Now that they are semi-retired, former Illinois State Senator Roger Keats and his wife Tina recently left their home in Wilmette and moved to Texas.

Before leaving Illinois, Keats wrote in his hometown newspaper, “After 60 years, I leave Illinois with a heavy heart. BUT enough is enough! The leaders of Illinois refuse to see we can’t continue going in the direction we are and expect people who have options to stay here.”

He noted that Illinois is ranked 50th in fiscal policy, 47th in job creation, first in unfunded pension liabilities, first in bonded indebtedness, and has the second-largest state budget deficit.

So why move to Texas? Well, here there “is no income tax, while Illinois’ just went up 67percent.” Additionally, their new home in Dripping Springs “will cost us around 40 percent of what our home in Wilmette just sold for.”

The Keatses came to Texas because it costs less to live here and they’ll pay a lot less in taxes.

On the other hand, the Keatses say that the Texas Department of Agriculture’s “GO TEXAN Certified Retirement Community Program” had nothing to do with their choosing Texas as a retirement destination. In fact, it was programs like this that drove them out of Illinois, because programs like this cost money and governments have to tax their citizens to pay for them.

Yet, as Texas is facing a $15 billion budget shortfall, the Legislature is not looking to cut programs like this. In fact, it is instead looking for ways to increase revenues to pay for them.

Such was the purpose of a recent Texas Senate Finance Committee hearing, as members discussed the possibility of raising $4.8 billion of “non-tax revenue.” And the ideas for more revenue don’t stop there.

So rather than save $32 million by eliminating funding for the Texas Film and Music Marketing program, the Legislature is debating a constitutional amendment that would allow the state to impose an income tax on Texas businesses.

Instead of saving $89.3 million by eliminating the Texas Emission Reduction Program-a corporate welfare program that does little to improve air quality – the Legislature is considering a $102.4 million tax on cable/satellite television customers.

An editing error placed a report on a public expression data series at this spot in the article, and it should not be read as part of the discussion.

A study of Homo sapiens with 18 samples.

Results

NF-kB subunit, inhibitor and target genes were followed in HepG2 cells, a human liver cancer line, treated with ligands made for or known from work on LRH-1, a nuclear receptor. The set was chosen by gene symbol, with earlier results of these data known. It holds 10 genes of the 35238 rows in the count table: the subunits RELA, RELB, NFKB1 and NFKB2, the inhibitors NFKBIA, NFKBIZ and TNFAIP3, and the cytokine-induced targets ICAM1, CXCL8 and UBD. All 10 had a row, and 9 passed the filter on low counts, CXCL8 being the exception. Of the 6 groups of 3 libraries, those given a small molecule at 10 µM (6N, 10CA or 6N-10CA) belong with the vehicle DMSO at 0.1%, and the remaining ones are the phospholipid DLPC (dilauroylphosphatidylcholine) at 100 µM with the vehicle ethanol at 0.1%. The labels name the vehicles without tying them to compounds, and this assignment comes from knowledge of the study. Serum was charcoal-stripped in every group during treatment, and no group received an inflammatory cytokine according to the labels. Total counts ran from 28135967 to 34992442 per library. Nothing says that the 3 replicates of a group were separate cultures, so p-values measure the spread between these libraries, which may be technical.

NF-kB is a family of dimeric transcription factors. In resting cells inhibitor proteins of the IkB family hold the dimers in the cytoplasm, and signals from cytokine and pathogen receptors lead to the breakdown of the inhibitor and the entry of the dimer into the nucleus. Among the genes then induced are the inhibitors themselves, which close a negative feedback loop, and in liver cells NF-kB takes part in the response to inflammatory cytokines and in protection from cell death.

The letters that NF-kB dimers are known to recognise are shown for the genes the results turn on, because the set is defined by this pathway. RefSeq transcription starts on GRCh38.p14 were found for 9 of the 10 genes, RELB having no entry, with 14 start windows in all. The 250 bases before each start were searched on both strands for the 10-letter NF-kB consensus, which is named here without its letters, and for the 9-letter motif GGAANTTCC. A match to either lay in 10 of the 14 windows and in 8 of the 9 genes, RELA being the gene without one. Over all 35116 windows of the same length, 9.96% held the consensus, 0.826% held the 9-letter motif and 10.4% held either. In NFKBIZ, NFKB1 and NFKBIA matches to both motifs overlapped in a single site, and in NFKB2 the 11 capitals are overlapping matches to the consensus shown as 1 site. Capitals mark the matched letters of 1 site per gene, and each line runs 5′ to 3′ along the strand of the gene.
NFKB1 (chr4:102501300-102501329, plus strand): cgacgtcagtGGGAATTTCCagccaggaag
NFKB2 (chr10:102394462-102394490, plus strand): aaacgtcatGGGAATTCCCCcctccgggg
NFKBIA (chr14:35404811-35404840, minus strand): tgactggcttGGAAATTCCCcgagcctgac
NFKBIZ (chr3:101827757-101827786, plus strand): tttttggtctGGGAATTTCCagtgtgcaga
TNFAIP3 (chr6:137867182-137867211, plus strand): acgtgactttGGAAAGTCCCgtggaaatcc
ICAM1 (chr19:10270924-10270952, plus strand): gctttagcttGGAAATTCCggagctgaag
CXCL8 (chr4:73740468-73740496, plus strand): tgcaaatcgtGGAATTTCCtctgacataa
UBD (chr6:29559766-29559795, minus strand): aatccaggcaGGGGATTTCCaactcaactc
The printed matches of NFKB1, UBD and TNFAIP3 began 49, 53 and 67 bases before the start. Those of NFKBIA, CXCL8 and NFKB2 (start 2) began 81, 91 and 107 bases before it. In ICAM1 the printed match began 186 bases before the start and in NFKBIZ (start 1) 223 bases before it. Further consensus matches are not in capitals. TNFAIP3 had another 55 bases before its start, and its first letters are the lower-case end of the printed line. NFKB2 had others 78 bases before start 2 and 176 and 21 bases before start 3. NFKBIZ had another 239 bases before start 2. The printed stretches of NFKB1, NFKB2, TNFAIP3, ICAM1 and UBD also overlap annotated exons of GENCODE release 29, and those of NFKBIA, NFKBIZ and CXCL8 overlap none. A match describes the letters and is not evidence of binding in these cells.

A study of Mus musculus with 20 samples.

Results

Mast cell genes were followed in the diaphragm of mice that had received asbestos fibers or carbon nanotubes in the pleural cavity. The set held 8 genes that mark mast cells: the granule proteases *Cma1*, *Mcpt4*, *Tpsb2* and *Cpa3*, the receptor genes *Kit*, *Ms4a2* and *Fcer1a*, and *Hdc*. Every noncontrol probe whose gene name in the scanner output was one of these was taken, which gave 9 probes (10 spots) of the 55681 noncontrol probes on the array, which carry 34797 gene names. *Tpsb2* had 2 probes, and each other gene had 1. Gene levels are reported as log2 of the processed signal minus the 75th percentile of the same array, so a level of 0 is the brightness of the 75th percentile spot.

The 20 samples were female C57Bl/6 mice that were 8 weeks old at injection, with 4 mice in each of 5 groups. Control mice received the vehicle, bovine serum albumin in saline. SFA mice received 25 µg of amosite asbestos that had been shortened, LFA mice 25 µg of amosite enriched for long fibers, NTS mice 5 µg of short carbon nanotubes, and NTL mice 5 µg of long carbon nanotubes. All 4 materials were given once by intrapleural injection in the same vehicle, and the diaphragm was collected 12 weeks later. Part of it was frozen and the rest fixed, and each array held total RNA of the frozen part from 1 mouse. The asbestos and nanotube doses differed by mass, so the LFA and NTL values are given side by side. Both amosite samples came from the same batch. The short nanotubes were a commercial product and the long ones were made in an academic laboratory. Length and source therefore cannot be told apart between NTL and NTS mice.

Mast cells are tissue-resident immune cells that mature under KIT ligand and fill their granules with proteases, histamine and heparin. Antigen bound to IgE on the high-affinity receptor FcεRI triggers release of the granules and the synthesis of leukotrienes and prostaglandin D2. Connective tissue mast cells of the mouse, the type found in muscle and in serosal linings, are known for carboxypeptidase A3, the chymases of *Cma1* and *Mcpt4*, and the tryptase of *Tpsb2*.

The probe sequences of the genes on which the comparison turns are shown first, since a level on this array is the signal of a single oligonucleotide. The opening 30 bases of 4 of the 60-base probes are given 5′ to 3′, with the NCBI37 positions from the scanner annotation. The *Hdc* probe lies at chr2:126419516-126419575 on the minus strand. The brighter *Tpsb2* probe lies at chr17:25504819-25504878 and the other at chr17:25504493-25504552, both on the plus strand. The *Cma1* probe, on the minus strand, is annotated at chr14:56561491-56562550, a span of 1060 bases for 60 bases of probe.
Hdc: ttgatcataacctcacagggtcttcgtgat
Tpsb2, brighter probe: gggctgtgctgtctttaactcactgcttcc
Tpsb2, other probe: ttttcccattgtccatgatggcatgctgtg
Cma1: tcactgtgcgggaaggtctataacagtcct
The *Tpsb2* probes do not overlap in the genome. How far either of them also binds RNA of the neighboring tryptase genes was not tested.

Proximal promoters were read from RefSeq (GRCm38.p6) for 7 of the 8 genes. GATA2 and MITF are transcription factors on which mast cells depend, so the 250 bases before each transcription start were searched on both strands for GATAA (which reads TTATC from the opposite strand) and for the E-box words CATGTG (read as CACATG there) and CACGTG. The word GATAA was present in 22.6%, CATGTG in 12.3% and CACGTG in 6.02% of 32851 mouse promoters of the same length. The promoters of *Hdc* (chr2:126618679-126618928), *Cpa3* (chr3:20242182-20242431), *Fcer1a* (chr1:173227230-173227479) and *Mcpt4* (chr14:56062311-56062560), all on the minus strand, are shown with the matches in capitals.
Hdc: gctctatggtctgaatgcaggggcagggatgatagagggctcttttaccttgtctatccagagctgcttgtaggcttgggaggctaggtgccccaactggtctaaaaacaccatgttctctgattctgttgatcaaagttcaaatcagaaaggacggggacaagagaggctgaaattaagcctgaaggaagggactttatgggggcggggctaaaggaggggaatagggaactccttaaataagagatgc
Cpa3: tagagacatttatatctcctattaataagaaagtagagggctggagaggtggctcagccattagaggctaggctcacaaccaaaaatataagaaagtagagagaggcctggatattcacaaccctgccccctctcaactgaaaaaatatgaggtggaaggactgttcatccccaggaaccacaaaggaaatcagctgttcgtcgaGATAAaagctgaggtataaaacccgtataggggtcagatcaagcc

And in place of cutting $558 million in costs by asking state employees to pay for a modest portion of their health insurance premiums, the Legislature may eliminate the back-to-school sales tax holiday at a cost to Texans of $111 million.

Even the consideration of such measures shows that too many legislators have forgotten what made Texas the leading job creator in the country over the last 10 years.

We provided 843,000 new jobs while the rest of the country lost 1.3 million for a lot of reasons, but at the forefront has been our willingness to rein in runaway spending. Texas has a history of getting a little carried away with spending, but unlike California and Illinois, we get our heads back on straight and deal with the problem.

At the moment, however, it is unclear which direction Texas is going to take when it comes to spending.

The Keatses weren’t alone in deciding to move to Texas. In the past 10 years, about 1.8 million other Americans have made the decision to pack up-often from high-tax, low-job states-and move to Texas. Many of them must have been the Keatses’ neighbors, since the Census Bureau recently announced that Chicago’s population has fallen to a 100-year low.

Texas legislators have a choice. They can either keep taxes low and the economy growing by eliminating funding for programs like those that promote retirement homes, music, and films. Or they can keep paying for the programs and join in with states like Illinois to make a wreck out of our economy. By May 30th, we’ll have their answer.

Bill Peacock is vice president of research and planning and director of the Center for Economic Freedom at the Texas Public Policy Foundation.